Table of Contents
Tucker Carlson, the massively popular host of “Tucker Carlson Tonight” on Fox News, lies on TV.
In other news, Phoenix is hot in the summer. It rains in Seattle. And the sky is blue. Some things you simply know without having to say them out loud. But Carlson did say the quiet part loud.
This is not me, a frequent Carlson critic, saying that he lies. Or not just me.
This is Carlson, in an interview over the weekend, saying so himself.
Carlson was being interviewed by Dave Rubin on Rubin’s show “The Rubin Report,” which airs on YouTube and BlazeTV. It’s a chummy chat, of the “why are you so great?” variety. It certainly isn’t gotcha journalism. Carlson can’t say he was tricked into saying this.
Rubin was asking Carlson about CNN anchors like Brian Stelter, Chris Cuomo and Don Lemon — he called them “clown people” — who “just lie again and again.”
Here’s what Carlson said:
“I guess I would ask myself, like, I mean, I lie if I’m cornered or something. I lie. I really try not to. I try never to lie on TV. I just don’t — I don’t like lying. I certainly do it, you know, out of weakness or whatever, but to systematically lie like that, without asking yourself, why am I doing this?”
And there you have it. Tucker Carlson lies.
Carlson’s moment of introspection was fleeting, but important
Carlson, the fleeting moment of introspection evidently gone, goes on to say that other anchors lie to protect the system, whatever that is. Fully recovered at this point, he reverts to sanctimonious mode, his default position: “How dare you do that? How dare you use your power to protect and guard the powerful?’
How indeed? There’s no evidence that’s what they’re doing. Unlike Carlson, they certainly haven’t admitted to it.
Now Carlson has.
People have a funny idea about how journalism actually works. I often get emails from readers who believe that either my editors tell me what to write — they don’t, so the blame falls to me — or that some nefarious outfit somewhere pays journalists to write certain stories in certain ways, that we are essentially doing the bidding of political fixers somewhere.
We also aren’t perfect. Journalists, including those who write or broadcast their opinions, sometimes make mistakes. No one is perfect, and no one worth reading or listening to claims to be. We try to be as accurate as possible at all times. When we make mistakes we do our best to fix them.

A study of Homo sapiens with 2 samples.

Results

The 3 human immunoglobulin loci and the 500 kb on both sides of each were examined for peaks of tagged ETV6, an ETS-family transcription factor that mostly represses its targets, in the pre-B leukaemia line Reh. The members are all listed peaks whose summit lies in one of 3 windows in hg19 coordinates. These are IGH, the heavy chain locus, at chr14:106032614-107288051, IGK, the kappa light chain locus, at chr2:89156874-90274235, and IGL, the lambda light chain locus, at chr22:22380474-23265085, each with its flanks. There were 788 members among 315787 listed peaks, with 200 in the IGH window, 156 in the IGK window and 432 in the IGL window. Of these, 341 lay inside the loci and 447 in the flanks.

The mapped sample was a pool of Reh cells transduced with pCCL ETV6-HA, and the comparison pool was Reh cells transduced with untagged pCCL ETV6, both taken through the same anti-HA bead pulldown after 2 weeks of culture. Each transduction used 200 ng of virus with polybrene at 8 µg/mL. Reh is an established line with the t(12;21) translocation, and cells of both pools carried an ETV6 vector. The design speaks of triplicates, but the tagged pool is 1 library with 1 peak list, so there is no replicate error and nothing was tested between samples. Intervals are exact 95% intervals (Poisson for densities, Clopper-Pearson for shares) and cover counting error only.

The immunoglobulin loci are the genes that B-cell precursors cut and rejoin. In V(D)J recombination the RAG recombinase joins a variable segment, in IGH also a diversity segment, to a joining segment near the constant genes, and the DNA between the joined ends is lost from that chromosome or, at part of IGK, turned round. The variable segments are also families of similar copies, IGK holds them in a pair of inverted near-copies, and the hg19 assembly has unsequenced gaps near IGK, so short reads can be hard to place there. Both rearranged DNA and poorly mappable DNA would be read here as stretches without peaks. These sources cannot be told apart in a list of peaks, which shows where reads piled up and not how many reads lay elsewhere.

CNN anchors make mistakes. MSNBC anchors make mistakes. Fox News anchors make mistakes. I make mistakes, too.
News is an on-the-go proposition. Stories change and journalists — reputable ones — report facts as they know them, responsibly and as quickly as they can. It’s far from a perfect system, but overall it works.
Mistakes are bad. Lies are worse
But mistakes are just that: mistakes.
A lie is something different. Mistakes are bad. Lies are worse.
A lie is intentional. Carlson didn’t spell out exactly when he lied, and Rubin wasn’t about to ask him; he seemed too giddy about talking with his pal and trashing CNN for anything like that.
Carlson doesn’t have to spell it out. His admission puts anything he says under suspicion.
We know that he falsely claimed that George Floyd died of a drug overdose after autopsies ruled Floyd’s death a homicide. He claimed there was “meaningful voter fraud” in Fulton County, Georgia, during the 2020 election. In April he said that maybe the COVID-19 vaccine “doesn’t work, and they’re simply not telling you that.”
These aren’t mistakes. They’re lies. And they’re lies Carlson couches in such a way that he can come back and say something like: Wait, I said “maybe.” I was just repeating a theory some people are saying. I’m just throwing it out there.
Or some such similar hogwash.
If Carlson was a radio host in the middle of some lonely nowhere railing against vaccine efficacy, it still wouldn’t be OK.
But millions of people watch Carlson. They listen to what he has to say. For whatever reason, many of them believe him.
Maybe it’s time they stopped.
Subscribe to azcentral.com today. What are you waiting for?